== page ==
Oper Frankfurt 2017-18 Review – Eugene Onegin: A Touching and Clever Version of Tchaikovsky’s Gem

Photo by Barbara Aumuller

“Eugene Onegin” by Tchaikovsky is based on the novel by the same name by the great Russian poet Alexander Pushkin, whose writings centered around the title character.

But what of the equally important perspective of Tatiana, the woman in love with Onegin before he shatters her dreams? In the production of “Onegin” performed by Oper Frankfurt seen Friday night, the work of another great Russian writer is a major visual aspect.

Her name is Anna Akhmatova, and her words are seen throughout the performance at the top of the cage-like structure that is the setting. In Cyrillic, they are “Гулять, целоваться, стареть,” and loosely translated as “to go, to kiss, to age.” The poem is seemingly about a relationship in which the woman has been disappointed in love. She seeks a partner to “to go, to kiss, to age” with, but ends by telling that partner not to tell me about love.

This is an apt description for how Tatiana ends up. She knows what love is from her experience with Onegin. Yet the relationship she ends up in with Prince Gremin is captured perfectly by Akhmatova’s poem.

It is a clever touch for a production that debuted a year ago, with director Dorothea Kirschbaum taking over after original director Jim Lucassen was unable to continue the project due to illness. Akhmatova’s words and the cage loom large in showing us a closed society.

Larinas in Factory

The Larinas live alongside a bread factory, with the workers kneading dough as they are introduced in the Act one chorus. The sisters sing of love, with soprano Maria Bochmanova in her role debut as Tatiana and mezzo-soprano Maria Pantiukhova as Olga. When Lenski and Onegin enter the room, it’s instantaneous to see the difference between the women. Olga leaps immediately into the arms of Lenski while Tatiana shyly stands about.

That entrance is notable for how the protagonist physically comes into the action, seemingly in a flash. Onegin, portrayed by baritone Daniel Schmutzhard, immediately showcases his cool indifference. He is clad in black with sunglasses that state his disdain for having to meet the Larinas or maybe even to be anywhere.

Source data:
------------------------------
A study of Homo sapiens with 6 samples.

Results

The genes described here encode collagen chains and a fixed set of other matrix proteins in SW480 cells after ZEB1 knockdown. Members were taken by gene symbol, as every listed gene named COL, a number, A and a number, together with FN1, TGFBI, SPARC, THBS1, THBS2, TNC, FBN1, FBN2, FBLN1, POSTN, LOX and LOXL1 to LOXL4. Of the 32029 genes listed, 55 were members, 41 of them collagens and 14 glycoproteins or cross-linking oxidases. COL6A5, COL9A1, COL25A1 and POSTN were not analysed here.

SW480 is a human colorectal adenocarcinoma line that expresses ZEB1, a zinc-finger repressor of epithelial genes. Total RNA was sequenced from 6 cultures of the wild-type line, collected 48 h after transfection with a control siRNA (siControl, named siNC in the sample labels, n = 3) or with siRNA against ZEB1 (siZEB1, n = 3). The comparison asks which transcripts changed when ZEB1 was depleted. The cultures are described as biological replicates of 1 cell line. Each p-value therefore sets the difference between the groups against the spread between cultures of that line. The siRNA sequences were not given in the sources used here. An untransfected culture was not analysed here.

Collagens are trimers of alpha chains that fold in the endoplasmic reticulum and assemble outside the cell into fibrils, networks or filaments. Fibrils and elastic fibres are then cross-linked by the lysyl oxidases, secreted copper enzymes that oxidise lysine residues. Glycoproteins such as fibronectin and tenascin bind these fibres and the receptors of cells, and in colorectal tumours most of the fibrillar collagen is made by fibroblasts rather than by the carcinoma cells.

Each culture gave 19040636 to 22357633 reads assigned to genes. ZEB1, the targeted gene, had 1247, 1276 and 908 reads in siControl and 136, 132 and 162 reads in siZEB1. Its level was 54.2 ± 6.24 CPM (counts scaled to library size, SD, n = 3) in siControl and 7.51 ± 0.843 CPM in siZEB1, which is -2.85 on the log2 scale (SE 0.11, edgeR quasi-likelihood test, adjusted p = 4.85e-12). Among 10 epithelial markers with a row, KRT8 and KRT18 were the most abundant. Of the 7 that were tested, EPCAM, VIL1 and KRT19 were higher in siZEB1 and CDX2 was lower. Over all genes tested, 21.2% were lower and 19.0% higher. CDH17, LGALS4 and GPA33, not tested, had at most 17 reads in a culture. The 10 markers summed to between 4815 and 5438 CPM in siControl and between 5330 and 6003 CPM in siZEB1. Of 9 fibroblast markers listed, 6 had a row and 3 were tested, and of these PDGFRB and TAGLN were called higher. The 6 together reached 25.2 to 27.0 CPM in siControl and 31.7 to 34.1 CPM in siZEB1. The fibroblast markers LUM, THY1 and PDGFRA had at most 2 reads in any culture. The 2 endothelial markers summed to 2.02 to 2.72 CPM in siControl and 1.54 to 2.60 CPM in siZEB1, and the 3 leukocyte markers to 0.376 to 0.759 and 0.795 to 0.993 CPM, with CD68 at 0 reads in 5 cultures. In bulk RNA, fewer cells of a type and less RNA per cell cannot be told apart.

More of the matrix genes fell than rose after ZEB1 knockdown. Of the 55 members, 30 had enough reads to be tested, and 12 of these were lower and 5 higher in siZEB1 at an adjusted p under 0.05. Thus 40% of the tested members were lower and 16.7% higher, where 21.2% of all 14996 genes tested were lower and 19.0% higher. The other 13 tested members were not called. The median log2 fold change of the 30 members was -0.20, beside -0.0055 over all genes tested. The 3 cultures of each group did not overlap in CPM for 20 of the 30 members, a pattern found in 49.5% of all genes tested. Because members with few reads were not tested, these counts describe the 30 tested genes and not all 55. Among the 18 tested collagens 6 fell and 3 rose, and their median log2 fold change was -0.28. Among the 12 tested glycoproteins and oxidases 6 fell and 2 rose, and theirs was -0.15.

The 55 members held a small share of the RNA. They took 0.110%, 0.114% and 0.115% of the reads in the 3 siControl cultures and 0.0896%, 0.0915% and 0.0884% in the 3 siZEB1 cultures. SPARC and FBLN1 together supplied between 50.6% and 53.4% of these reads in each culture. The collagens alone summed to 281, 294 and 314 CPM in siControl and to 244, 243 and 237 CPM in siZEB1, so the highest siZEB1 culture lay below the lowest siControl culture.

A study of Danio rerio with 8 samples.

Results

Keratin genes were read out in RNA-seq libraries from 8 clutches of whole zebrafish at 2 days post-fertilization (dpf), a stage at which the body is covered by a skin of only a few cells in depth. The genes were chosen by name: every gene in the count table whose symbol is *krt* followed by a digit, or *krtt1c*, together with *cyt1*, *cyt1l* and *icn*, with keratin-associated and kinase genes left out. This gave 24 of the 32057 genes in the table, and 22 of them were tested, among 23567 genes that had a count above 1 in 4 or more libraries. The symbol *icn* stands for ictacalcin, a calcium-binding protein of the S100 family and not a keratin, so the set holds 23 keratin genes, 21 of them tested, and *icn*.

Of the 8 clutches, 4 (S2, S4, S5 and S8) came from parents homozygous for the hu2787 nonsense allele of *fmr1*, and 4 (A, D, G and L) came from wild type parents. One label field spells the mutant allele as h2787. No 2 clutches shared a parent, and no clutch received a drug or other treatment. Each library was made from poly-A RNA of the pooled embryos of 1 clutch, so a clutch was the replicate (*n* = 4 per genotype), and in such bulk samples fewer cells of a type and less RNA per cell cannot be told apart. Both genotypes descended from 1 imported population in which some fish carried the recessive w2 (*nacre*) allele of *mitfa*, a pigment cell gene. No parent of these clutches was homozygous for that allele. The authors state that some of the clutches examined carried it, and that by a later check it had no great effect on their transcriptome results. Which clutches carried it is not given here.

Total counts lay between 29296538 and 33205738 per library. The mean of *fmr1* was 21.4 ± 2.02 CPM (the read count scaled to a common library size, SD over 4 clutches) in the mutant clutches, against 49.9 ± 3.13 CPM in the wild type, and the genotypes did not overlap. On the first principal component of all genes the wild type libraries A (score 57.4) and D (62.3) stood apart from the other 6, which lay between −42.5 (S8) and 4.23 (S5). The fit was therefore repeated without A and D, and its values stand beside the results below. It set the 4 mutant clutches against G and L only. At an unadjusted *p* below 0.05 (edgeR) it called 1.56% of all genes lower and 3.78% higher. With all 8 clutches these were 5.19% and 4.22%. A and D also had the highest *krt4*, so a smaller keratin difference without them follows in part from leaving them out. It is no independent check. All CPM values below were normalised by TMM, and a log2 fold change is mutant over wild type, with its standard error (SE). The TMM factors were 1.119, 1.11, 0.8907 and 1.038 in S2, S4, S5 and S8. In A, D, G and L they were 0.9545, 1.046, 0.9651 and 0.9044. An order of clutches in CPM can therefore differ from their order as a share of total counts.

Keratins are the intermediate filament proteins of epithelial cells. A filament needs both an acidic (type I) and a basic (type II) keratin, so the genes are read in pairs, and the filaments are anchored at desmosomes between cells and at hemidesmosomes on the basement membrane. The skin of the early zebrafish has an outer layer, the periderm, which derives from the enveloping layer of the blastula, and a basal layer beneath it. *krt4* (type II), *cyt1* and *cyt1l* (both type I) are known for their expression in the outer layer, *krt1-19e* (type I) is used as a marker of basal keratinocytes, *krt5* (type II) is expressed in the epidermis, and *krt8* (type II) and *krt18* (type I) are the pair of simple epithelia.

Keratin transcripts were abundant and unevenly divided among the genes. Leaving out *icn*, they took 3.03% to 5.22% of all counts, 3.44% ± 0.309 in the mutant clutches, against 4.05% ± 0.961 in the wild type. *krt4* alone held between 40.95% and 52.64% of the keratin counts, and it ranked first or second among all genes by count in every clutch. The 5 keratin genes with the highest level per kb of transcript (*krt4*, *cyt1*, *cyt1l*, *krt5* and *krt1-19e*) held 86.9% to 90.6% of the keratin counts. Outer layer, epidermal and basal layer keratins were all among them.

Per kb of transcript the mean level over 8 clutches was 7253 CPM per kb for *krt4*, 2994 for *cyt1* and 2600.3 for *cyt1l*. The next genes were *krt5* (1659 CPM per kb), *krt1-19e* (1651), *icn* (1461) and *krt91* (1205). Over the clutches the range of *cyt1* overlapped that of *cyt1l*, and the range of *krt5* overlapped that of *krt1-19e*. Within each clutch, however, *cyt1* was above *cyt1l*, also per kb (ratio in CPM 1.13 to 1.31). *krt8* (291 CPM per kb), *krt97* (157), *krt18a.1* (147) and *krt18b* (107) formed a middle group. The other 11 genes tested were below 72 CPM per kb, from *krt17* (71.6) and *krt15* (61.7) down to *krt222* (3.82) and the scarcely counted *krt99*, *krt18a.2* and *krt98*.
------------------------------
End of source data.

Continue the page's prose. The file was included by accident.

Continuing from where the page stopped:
The scene in which Tatiana writes her fateful letter to Onegin is crafted ingeniously. She writes and dreams about him at the same time, sharing a kiss with Onegin on stage as part of the dream. It’s all part of the set-up for what will soon turn ugly, beginning with the arrogant rejection by Onegin.

Action in the Ballroom

The ballroom scene is quite lavish, given the peasant-like conditions of the factory before. Onegin is once again annoyed at having to visit and shamelessly dances with Olga. For her part, the flirtatious Olga is unaware of how jealous Lenski is getting. When Triquet enters and pays tribute to Tatiana, it ratchets up the anger between the two men and their subsequent duel is showcased using revolvers in the bar where the ballroom party was held.

The development of Schmutzhard’s Onegin was clear here as he openly wonders about how his friendship with Lenski has fallen by the wayside. Slowly but surely, the coolness of Onegin is evaporating foreshadowing his development by the end.

Much time has passed when Onegin returns and sees the much more mature and white-haired Tatiana. Prince Gremin’s tale to the visitor of how much he loves his wife only adds to the drama as Onegin’s misery is complete.

Musical mastery 

Conductor Sebastian Weigle excels with Tchaikovsky’s music as it carries forth the drama. The music was beautifully played and showcased the greatness of one of Russia’s finest composers with Weigle’s Frankfurt Opera and Museum Orchestra.

Schmutzhard has performed his Onegin in many places and he succeeds at delivering an incremental demise of the title character. In the end, Onegin is disheveled and a shell of himself. Schmutzhard solidly blends his body language with his singing chops.

Bochmanova sang expressively throughout, and her girlish dress as a young Tatiana belied a womanly nature. That’s why it was no surprise how well she performed as the mature Tatiana, Gremin’s wife.

Among the other characters, bass Nikolay Didenko was outstanding in his Act three aria as Gremin in his Frankfurt debut. Young Russian tenor Arseny Yakovlev has been singing Lenski for some time and it showed with his melodic, easy voice. Pantiukhova’s Olga enjoyed some wonderful interplay with Tatiana.

Whether or not the concept of the cage and the bread factory completely work is beside the point. This is a “Eugene Onegin” that brings across the idea that it is not just one character who has emerged heartbroken but two.